Budget concerns in the world’s largest economy are projected to derail the recent advances of the Canadian dollar, and lead to losses against the safety bet US dollar. Risk aversion returns in the global market sentiment just a day removed from the holidays, as fresh debacles in the US Congress has already rattled the risk appetite of the markets. The spotlight is back on the United States and developments on negotiations over its looming fiscal cliff, or the lack thereof.
With US lawmakers struggling to find a consensus as to how to tackle the US fiscal cliff, Asian shares ended a seven-day winning streak earlier today. European equities likewise dropped, as elated investor sentiment over Tuesday’s optimism on a Greek debt deal was replaced with renewed fears over the US fiscal cliff.
US Senate Majority Leader Harry Reid said Democrats and Republicans have made “little progress” in negotiations on how to cut the US budget deficit by year-end. “We only have a couple weeks to get something done, so we have to get away from the happy talk” and do “specific things.”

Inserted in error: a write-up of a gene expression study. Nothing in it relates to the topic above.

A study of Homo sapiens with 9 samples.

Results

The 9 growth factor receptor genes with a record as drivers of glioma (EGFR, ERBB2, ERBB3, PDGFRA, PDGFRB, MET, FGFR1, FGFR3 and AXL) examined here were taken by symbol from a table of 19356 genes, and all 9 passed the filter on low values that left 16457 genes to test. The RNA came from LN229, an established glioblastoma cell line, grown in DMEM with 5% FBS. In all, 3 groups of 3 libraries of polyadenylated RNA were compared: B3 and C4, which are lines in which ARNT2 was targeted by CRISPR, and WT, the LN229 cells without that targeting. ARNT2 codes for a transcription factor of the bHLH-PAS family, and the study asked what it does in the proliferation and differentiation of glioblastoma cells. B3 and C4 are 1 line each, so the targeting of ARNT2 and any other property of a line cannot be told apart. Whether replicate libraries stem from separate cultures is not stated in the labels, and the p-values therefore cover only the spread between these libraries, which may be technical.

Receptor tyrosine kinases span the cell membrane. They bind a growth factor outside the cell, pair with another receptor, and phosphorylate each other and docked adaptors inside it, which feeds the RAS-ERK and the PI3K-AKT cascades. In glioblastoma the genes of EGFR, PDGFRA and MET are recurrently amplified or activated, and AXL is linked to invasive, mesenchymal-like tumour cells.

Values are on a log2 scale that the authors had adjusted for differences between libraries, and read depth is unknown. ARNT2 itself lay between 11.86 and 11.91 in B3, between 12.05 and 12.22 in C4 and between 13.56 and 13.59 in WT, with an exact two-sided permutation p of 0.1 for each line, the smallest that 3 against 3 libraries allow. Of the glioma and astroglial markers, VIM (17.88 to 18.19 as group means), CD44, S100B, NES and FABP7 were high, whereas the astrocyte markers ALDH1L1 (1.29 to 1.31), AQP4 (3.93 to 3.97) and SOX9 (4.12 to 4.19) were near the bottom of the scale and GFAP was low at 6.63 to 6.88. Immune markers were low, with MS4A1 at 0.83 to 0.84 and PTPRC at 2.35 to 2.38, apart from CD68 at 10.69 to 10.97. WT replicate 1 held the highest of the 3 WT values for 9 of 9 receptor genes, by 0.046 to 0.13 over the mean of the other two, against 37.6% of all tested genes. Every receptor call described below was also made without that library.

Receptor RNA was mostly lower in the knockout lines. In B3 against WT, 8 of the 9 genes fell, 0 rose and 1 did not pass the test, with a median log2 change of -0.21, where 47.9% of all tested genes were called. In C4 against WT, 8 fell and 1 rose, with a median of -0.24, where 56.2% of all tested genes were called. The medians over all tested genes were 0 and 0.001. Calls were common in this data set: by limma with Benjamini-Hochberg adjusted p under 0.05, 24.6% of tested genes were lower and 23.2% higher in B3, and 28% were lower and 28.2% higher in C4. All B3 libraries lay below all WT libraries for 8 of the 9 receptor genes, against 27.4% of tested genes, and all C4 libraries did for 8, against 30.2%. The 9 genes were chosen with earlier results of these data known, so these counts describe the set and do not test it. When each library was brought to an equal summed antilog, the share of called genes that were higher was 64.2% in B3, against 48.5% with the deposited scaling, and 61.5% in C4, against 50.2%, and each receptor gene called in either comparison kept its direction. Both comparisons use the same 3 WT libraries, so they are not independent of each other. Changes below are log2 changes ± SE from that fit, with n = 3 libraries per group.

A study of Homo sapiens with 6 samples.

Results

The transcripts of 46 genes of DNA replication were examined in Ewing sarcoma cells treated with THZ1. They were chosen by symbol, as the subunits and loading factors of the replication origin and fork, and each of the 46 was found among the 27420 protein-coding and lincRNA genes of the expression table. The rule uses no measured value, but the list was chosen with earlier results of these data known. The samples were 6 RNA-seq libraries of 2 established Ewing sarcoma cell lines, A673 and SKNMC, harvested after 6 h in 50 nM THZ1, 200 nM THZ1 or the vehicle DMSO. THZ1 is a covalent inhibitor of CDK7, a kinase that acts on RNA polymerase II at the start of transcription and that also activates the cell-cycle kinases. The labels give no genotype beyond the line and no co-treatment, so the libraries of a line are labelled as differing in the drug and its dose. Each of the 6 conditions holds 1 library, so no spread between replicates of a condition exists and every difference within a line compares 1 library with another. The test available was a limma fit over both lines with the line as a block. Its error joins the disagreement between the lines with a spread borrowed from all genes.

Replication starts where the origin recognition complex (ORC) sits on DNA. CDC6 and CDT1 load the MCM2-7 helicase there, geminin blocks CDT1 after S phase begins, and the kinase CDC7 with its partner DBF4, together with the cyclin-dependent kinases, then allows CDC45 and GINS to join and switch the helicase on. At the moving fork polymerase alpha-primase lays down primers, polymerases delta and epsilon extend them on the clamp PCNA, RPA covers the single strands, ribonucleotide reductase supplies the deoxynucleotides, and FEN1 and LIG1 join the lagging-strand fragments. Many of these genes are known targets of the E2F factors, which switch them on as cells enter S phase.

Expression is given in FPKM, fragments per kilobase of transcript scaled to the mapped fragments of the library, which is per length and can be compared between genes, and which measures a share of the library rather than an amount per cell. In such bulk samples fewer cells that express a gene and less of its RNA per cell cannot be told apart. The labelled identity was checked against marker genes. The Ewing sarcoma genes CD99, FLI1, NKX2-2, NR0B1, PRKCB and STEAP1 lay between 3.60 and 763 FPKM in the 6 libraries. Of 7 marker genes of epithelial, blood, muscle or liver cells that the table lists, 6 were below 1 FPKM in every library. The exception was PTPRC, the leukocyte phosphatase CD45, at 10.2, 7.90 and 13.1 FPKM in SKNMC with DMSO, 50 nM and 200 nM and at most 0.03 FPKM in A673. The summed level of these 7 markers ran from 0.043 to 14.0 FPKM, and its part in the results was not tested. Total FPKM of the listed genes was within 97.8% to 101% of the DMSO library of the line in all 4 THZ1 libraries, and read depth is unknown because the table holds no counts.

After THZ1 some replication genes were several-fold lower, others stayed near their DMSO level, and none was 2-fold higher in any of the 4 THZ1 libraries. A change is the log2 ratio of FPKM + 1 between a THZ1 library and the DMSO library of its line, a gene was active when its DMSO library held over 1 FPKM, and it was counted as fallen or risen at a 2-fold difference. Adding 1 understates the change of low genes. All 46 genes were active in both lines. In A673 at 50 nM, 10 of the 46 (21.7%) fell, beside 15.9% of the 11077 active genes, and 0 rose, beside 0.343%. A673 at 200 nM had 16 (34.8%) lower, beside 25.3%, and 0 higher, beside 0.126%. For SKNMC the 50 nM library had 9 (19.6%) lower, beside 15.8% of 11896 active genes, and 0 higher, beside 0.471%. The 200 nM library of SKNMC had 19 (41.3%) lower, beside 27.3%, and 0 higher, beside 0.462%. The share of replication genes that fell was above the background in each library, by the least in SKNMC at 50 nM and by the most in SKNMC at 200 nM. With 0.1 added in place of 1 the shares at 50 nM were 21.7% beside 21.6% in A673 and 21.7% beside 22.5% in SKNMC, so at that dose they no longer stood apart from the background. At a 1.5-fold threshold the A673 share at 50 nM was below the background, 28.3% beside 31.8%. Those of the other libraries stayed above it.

Analysts price in the viability that market focus would remain on discussions over a collection of $607 Billion in automatic tax increases and spending cuts scheduled to take effect at the beginning of 2013 to prevent a short-term shock to the economy and reach an agreement on long-term deficit reduction. Some think that it is likely that Congress will find some weak compromise and push off some of the work into next year.
“It’s all focused on external issues, the US fiscal cliff and whether the euro zone is going to defer its issues with Spain and Greece,” Greg Moore, a currency strategist at Toronto-Dominion Bank, said in a telephone interview. “There was a glimmer of hope that the two sides might come together, but we all know politicians and that there won’t be a solution until the 11th hour,” says Steve Butler, Managing Director in Toronto at Bank of Nova Scotia’s Scotiabank unit. “The Canadian dollar would be one of the first currencies to get hit by selling if we do fall off the cliff.” It is therefore no surprise that risk aversion is taking over the demand for the Greenback-Loonie pair.
Considering the sour sentiment over under-developments on the fiscal cliff negotiations, the USDCAD is deemed for a buy bias today. Be cautious still of probable technical price corrections.